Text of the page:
December 30, 2021, Morris, IL – In the same week that the U.S. and Illinois are averaging the highest number of new COVID cases a day, Morris Hospital is also reporting unprecedented COVID activity.
Twice this week, more than 50% of the COVID tests administered through Morris Hospital were positive, the highest positivity rates seen at the hospital to date. On December 29, Morris Hospital reported 44 hospitalized COVID patients, the highest since the start of the pandemic. And the next day, 12 COVID patients were in the ICU, also the highest to date. The hospital’s Intensive Care Unit is equipped with 12 beds.
“On Wednesday of this week, we were at 150% of our ICU capacity, with overflow in the Emergency Department and other areas of the hospital,” said Mark Steadham, President & CEO of Morris Hospital & Healthcare Centers. “Seven of our COVID patients are currently on a ventilator, which is also the highest since of the start of the pandemic.”
At the same time, Morris Hospital is also experiencing its longest stretch of high overall inpatient volumes. On all but three days over the past month, the overall inpatient census has been above 70 patients. Prior to November 29, there were only four days throughout all of 2021 with an inpatient census above 70.
“We’re an 89 bed hospital, and 8 of those beds are devoted to our Family Birthing Suites,” explained Steadham. “So anytime we’re above 70 inpatients, it can be challenging to identify an appropriate bed for each patient who needs to be admitted depending on the level of care needed.”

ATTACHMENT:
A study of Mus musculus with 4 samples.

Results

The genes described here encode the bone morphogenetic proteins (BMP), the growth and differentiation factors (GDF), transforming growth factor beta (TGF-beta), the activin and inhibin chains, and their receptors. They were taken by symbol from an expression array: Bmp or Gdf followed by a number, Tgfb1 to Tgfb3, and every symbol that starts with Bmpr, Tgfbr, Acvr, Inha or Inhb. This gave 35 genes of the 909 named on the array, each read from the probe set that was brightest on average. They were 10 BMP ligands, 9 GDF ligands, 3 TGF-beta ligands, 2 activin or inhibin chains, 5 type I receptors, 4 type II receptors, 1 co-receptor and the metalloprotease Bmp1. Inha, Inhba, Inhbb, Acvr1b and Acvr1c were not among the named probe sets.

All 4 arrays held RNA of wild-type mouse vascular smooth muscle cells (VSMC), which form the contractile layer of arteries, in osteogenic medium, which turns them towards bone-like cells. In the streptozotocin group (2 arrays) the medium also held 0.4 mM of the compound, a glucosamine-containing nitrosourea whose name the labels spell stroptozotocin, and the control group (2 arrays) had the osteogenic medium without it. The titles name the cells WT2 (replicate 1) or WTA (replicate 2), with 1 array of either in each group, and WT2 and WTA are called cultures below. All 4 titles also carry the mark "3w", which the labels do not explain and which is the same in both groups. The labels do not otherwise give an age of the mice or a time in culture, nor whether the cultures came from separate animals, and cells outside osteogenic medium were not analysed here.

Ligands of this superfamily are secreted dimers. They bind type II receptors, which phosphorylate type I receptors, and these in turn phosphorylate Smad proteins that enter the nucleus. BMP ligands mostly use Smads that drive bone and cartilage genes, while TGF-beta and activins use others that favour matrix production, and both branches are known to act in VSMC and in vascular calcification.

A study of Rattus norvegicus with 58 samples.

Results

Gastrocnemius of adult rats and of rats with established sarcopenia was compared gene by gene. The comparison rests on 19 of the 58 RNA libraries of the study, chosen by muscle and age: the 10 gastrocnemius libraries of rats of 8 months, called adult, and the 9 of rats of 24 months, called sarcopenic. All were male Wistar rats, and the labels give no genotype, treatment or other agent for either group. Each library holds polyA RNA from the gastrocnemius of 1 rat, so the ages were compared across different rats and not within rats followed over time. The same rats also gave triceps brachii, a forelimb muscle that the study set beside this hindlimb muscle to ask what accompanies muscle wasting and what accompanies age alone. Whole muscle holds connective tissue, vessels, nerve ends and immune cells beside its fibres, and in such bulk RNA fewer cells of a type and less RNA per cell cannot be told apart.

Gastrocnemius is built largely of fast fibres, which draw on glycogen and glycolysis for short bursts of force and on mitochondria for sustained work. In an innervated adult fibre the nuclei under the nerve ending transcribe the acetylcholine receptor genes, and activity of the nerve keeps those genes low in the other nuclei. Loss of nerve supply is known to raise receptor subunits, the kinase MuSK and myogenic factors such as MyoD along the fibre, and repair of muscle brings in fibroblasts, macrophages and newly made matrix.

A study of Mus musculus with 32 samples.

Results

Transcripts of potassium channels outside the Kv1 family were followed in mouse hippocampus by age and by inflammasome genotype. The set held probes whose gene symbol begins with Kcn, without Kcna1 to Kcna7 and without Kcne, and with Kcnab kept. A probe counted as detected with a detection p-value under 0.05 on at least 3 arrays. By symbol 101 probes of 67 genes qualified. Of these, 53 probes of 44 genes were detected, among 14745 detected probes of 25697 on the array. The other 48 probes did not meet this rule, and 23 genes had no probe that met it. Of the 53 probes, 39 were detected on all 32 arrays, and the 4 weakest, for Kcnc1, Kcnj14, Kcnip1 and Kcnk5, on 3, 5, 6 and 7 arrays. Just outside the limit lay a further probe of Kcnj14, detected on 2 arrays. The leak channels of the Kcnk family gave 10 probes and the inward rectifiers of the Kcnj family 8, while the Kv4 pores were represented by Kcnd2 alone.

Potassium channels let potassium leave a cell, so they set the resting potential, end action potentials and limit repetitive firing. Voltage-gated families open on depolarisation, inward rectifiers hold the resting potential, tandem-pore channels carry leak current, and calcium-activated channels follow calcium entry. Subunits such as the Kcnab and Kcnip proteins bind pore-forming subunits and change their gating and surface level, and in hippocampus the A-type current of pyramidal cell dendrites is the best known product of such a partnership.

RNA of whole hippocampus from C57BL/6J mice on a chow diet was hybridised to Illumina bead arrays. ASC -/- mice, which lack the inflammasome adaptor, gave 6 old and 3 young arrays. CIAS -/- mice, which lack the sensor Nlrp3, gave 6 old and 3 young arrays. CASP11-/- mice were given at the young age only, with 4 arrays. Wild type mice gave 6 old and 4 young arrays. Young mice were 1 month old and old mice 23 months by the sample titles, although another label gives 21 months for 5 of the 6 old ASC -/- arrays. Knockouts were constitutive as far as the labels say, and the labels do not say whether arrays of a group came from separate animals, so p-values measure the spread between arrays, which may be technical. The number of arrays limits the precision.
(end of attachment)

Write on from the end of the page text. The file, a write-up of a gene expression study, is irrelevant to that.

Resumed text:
Like most healthcare organizations, Morris Hospital is also experiencing a severe staffing shortage, with the highest vacancies for RNs and CNAs. Coupled with employee illness, the extreme number of staff vacancies only exacerbates an already challenging situation and prompted the hospital to postpone all elective surgeries and interventional radiology procedures from December 29-January 5 in order to re-deploy staff to inpatient care.
“The last thing we ever want to do is postpone care for patients,” said Steadham. “The news stories you read or see about hospitals being in crisis is true. In my 32 years as a healthcare administrator, I’ve never witnessed anything like this.”
When asked what the community can do to help, Steadham says the most common plea he hears from physicians who oversee the care of hospitalized COVID patients is vaccination.
“The physicians are frustrated with the low vaccination rate in our community,” says Steadham. “If it’s time for your booster, please, get it taken care of. Get the kids vaccinated so they aren’t spreading the virus to vulnerable loved ones. And if you’ve never been vaccinated, we continue to ask you to join those of us who are doing everything we can to battle the virus and save the lives of people in our community.”
In addition to vaccination, all of the preventive measures that have been instilled since the start of the pandemic continue to be important: wear a mask and keep your distance in public places, carefully consider how and when you gather, stay home if you are sick, and wash your hands frequently, especially after touching shared surfaces.
“When I round through our hospital and ask staff how they’re doing, they tell me they’re hanging in there. Some have asked me to pray for them,” said Steadham. “As a healthcare organization, we are going to continue to adjust and do everything we can to meet the needs of our community. We ask everyone in the community to do their part as well.”